As I’ve written about elsewhere on this sight, loving Sapporo took time for me. The city doesn’t have the historical or cultural appeal of Kyoto, nor it is as futuristic as Tokyo or even Osaka.
Compounding this is the fact that Sapporo is literally the hub of Hokkaido, in addition to being its capital. At least half a dozen destinations are within a couple hours of the city; virtually everywhere on the island can be reached within half a day.
The good news? My heart eventually warmed to Sapporo’s city center—and in a big way. The better news? I enjoy these day trips from Sapporo even more now.
Sapporo is the Hub of Hokkaido
The issue of Sapporo day trips isn’t simply a matter of Sapporo being a large city, as is the case when discussing other cities in Japan. You see, in spite of being pretty far south and west as Hokkaido’s landmass is concerned, Sapporo is basically at the center of the island’s population, commerce and infrastructure. As a result, many essential Hokkaido experiences are accessible in a day or less from the city.
I bring this up because many travelers choose not to take many day trips from Tokyo, Osaka or Kyoto, because they believe there’s “enough to see” in town. In the case of Sapporo, you can’t really use the same logic. Firstly because Sapporo’s not nearly as interesting, on its own, as those cities; and secondly, because Sapporo’s relative positioning is simply different, and arguably superior.
My Favorite Day Trips from Sapporo
Otaru Canal is beautiful in all seasons, but it’s at its best in the winter. If you plan on coming here, which requires just an hour from Sapporo on the Airport Express, I do have a piece of advise: Come at night—and bring your tripod. If you don’t, the image you capture won’t really do the place justice.
Another Sapporo day trip you might want to take is to Noboribetsu, an onsen town about 90 minutes away. Once you get here, which requires boarding a Hakodate-bound limited express train, you have two choices. If you don’t soak in one of the day spas, you can hike at Jigokudani, aka “Hell Valley.”
Just next door to Noboribetsu is Lake Toya, which in my opinion is much more of a summer destination than its neighbor. Even if you can’t come at a time that coincides with the famous fireworks there, the views of this deep, volcanic lake are worth the price of admission alone!
I’ll be honest: I’m not a big fan of zoos in general, and especially not in Asia. The treatment of animals in Asia simply adheres to different standards (inferior ones, in my opinion) than we uphold in the West. With this being said, the penguin paradise at Asahiyama Zoo in Asahikawa is a worthwhile exception to this rule.
Furano lavender fields
The most iconic place you can visit during Hokkaido’s summer is Naka-furano, which is wear you find the famous Farm Tomita lavender fields (and lots of other flowers as well). Do note that while this (and the nearby Blue Pond in Biei) is technically doable as a day trip from Sapporo, there’s a case to be made for staying here overnight.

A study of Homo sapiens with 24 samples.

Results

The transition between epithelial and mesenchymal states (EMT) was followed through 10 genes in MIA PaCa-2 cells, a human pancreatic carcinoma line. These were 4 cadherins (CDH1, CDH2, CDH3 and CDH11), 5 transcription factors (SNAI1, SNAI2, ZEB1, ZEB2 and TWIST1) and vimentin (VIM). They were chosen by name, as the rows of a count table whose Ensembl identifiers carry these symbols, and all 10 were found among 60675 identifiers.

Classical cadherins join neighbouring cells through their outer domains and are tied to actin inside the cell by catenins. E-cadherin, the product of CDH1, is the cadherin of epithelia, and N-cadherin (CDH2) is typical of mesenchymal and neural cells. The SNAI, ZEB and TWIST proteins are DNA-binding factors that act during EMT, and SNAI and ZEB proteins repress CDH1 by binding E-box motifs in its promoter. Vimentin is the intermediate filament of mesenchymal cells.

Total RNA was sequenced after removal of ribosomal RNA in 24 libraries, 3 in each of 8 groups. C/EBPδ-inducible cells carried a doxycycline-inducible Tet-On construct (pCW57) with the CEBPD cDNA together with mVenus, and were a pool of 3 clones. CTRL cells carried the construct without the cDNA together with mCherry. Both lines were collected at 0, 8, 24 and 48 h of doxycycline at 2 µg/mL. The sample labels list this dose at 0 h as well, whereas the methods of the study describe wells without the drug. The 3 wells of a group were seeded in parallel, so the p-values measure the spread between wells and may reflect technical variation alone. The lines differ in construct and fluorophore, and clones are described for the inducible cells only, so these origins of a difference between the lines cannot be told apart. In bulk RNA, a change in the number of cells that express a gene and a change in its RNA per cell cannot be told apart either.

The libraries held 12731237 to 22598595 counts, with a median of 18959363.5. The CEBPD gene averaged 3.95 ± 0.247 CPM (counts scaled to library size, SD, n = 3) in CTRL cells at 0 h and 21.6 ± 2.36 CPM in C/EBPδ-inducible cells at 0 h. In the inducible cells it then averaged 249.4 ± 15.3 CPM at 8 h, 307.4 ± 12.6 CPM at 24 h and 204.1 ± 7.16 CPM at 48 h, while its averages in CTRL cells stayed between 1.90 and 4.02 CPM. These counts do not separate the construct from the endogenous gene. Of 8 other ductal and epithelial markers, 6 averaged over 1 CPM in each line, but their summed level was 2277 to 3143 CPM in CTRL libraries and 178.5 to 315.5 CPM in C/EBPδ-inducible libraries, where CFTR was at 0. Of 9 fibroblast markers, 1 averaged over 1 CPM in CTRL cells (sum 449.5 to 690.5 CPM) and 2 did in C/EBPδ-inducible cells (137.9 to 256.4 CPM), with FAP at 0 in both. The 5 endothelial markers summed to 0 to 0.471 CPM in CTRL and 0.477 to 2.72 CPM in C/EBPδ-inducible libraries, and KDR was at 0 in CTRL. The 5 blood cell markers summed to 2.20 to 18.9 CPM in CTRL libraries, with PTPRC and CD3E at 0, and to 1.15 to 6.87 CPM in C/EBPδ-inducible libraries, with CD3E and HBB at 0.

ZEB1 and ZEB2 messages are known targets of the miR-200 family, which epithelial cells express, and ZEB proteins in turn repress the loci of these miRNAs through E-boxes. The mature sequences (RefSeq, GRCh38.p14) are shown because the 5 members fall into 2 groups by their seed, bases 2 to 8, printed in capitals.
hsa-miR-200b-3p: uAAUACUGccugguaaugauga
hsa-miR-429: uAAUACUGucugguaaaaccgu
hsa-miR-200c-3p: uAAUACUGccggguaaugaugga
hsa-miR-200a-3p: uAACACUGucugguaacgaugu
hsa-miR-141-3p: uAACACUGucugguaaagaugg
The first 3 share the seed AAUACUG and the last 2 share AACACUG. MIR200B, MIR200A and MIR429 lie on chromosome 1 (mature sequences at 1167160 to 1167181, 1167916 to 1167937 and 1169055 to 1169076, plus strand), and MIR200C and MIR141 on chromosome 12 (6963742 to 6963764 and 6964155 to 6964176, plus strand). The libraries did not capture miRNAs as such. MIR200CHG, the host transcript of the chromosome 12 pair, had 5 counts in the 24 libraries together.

Can You Visit Hakodate on a Day Trip from Sapporo?
After Sapporo, Hakodate is the largest and most important city in Hokkaido; it also happens to be my favorite. However, while the two look relatively close on the map, it will actually take you over three hours each way on the train (or a shorter flight that requires an airport bus or train on either end) to visit. As a result, you can’t realistically see Hakodate as a day trip from Sapporo.
At least not now. That will change in around 2030, when the Hokkaido Shinkansen will be extended from its current terminus at Shin-Hakodate-Hokuto to Sapporo. Once this happens, it will take less than an hour each way to travel between the two cities, which means that Hakodate will definitely be one of the top day trips from Sapporo I recommend to readers.
Other FAQ About Sapporo Travel
Why is Sapporo so popular?
Sapporo is popular for a number of reasons. Some of these are in terms of name ID, namely because of Sapporo beer. Other people come here because they know it’s the capital and largest city of Hokkaido, and that it’s close both to Hokkaido’s main airport, as well as to Japan’s most renowned ski resort (Niseko).
How do I get to Sapporo?
You can reach Sapporo via nonstop flights from Japanese cities like Fukuoka, Nagoya and Sendai, as well as via both of Tokyo’s and Osaka’s airports. You can also travel to Sapporo by train, although you can only ride the Shinkansen as far as Hakodate, which is more than three hours from Sapporo by non-bullet train.
Is Noboribetsu worth visiting?
Noboribetsu is the most famous onsen town in Hokkaido, and is an easy day trip from Sapporo. While it’s not as beautiful as some of the other onsens I’ve visited in Japan, it also offers more than hot springs. Walk through Jigokudani “Hell Valley,” or dine on local versions of ramen and soba.
The Bottom Line
It’ll probably take you a few visits to Hokkaido to knock out all these day trips from Sapporo—I know it’s taken me years! At the same time, exploring what’s outside Sapporo’s city center will hopefully result in you loving what’s inside it even more. It’s hard for me to say which is my favorite: Asahikawa’s penguin parade is an iconic winter experience; the lavender fields of Furano are the perfect picture of a Hokkaido summer. No matter when you visit or what your travel goals are, consider hiring me to plan your trip to Japan. Let me sweat the details while you focus on enjoying yourself!